The Stoa of Attalos

The Stoa of Attalos was originally built by King Attalos II of Pergamon (159–138 B.C.), as a gift to the Athenians in appreciation of the time he spent in Athens studying under the philosopher Karneades. What he gave the city was an elaborate stoa, a large two-storeyed double colonnade with rows of shops behind the colonnades. The building was made of local materials, marble for the facade and columns, and limestone for the walls; it measures 116 meters long and had 42 shops in all. The Stoa became the major commercial building or shopping center in the Agora and was used for centuries, from its construction in around 150 B.C. until its destruction at the hands of the Herulians in A.D. 267.

Oblique view of the Stoa of Attalos with the Acropolis in the background.
September 1956. The finished south end of the stoa at the time of the dedication. Clearly visible are the ancient stones that have been incorporated into the restoration of the building. The parapet has been painted as it was in ancient times.

It was chosen to serve as the museum because it was large enough and because enough architectural elements were preserved to allow an accurate reconstruction; in addition, the northern end stood to the original roof line, allowing precision in recreating the height of the building.

The building was reerected between 1953 and 1956. Quarries in Piraeus and on Mt. Penteli were opened so as to provide material similar to the original. As many as 150 workmen were employed, including 50 master masons, 20 carpenters, and 5 steelworkers. Where possible, remains of the original building were incorporated: the north end, the southernmost shops, part of the south wall, and the south end of the outer steps. Elsewhere the modern reconstruction rests on the original foundations and is an almost exact replica of the ancient building, with representative pieces of the original included in order to allow the visitor a chance to check the validity of the restoration for him- or herself.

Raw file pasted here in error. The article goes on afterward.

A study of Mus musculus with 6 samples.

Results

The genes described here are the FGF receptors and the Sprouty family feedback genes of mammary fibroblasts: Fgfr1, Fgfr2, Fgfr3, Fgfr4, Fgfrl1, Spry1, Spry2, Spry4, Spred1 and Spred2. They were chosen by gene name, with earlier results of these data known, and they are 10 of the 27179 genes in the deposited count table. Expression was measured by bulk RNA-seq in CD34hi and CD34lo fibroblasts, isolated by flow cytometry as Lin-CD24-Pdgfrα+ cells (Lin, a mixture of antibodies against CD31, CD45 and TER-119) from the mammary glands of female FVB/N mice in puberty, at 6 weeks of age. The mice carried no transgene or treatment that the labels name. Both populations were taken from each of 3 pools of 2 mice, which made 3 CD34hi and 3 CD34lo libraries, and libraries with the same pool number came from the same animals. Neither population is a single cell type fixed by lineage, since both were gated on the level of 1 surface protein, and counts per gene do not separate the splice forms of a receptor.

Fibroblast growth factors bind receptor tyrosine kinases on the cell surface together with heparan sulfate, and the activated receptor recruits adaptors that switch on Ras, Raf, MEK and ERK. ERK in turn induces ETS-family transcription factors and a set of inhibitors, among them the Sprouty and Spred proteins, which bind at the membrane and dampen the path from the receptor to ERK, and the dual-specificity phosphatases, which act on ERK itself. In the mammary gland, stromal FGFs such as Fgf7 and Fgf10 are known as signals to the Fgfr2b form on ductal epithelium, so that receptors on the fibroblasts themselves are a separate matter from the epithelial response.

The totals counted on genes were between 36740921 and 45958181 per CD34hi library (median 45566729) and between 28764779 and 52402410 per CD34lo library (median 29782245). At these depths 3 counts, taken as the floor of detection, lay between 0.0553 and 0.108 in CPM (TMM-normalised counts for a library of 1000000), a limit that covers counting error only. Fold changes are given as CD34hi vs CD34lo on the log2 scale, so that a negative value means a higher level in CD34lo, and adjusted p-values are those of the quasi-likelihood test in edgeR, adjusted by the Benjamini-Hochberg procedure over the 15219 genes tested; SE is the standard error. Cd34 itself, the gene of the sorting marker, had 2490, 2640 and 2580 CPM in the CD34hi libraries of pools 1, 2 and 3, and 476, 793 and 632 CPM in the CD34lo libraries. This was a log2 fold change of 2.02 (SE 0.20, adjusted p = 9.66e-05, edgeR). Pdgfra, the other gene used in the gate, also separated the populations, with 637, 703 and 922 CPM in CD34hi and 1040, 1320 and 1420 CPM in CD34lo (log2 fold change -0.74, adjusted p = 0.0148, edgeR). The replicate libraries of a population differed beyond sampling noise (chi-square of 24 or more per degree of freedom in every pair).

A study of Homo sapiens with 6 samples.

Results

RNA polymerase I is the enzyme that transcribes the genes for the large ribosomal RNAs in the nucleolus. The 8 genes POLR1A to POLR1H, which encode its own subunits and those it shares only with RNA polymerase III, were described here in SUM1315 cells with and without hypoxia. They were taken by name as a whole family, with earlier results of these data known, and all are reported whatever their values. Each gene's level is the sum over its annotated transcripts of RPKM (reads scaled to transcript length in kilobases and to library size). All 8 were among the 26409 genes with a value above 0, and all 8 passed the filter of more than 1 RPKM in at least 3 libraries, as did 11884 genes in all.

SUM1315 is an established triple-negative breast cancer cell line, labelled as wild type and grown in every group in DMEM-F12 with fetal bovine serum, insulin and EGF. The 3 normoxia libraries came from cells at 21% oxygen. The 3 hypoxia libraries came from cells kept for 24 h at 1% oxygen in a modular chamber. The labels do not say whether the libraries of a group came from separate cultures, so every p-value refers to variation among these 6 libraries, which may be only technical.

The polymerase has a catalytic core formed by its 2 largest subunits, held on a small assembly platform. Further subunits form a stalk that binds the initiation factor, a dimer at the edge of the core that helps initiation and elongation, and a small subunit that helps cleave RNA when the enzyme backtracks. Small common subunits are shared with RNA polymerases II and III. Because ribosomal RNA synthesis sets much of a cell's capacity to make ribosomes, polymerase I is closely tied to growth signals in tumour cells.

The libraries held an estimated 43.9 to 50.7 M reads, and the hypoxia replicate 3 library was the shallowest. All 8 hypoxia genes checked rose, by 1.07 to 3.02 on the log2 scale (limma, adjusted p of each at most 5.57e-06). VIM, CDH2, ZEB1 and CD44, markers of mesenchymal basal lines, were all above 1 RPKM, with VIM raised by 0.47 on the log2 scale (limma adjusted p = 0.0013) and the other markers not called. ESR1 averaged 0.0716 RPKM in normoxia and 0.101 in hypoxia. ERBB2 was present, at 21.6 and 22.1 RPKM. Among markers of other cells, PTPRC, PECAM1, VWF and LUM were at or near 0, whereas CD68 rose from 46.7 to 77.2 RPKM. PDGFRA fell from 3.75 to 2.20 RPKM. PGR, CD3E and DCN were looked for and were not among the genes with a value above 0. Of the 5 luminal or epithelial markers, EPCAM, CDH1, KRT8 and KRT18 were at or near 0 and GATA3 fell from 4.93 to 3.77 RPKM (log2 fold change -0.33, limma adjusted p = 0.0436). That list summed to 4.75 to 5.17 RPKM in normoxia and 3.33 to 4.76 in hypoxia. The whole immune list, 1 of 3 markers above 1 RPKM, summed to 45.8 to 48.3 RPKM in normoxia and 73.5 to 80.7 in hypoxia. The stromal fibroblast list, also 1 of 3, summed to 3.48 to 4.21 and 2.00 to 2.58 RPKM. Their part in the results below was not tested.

The Stoa of Attalos in November of 1952
The Stoa of Attalos in December of 1956

The reconstruction leads the visitor to appreciate why stoas were such a common form of public building among the Greeks, used in agoras, sanctuaries, near theaters, and wherever many people were expected to gather. The spacious colonnades provided shelter for literally thousands of people, protecting them from sun in summer and wind and rain in winter, while allowing in abundant light and fresh air.

September 3, 1956. John L. Caskey, Director of the American School, delivering his remarks at the dedication ceremony.

The ground floor is given over to public display, sculpture and large marbles in the colonnades, small objects in a long gallery consisting of ten of the original shops. The first floor is used for the excavation offices, workrooms, and archives as well as for additional storage. More storerooms were created in basements at foundation level. Dedicated on the 3rd of September, 1956, the Stoa celebrates its 50th anniversary as the Agora museum in 2006.

The “Law against Tyranny” inscription (I 6524) was also erected in the colonnade before the dedication ceremony.
Excavations in the Athenian Agora are conducted by the American School of Classical Studies.
Primary funding is provided by the Packard Humanities Institute (PHI).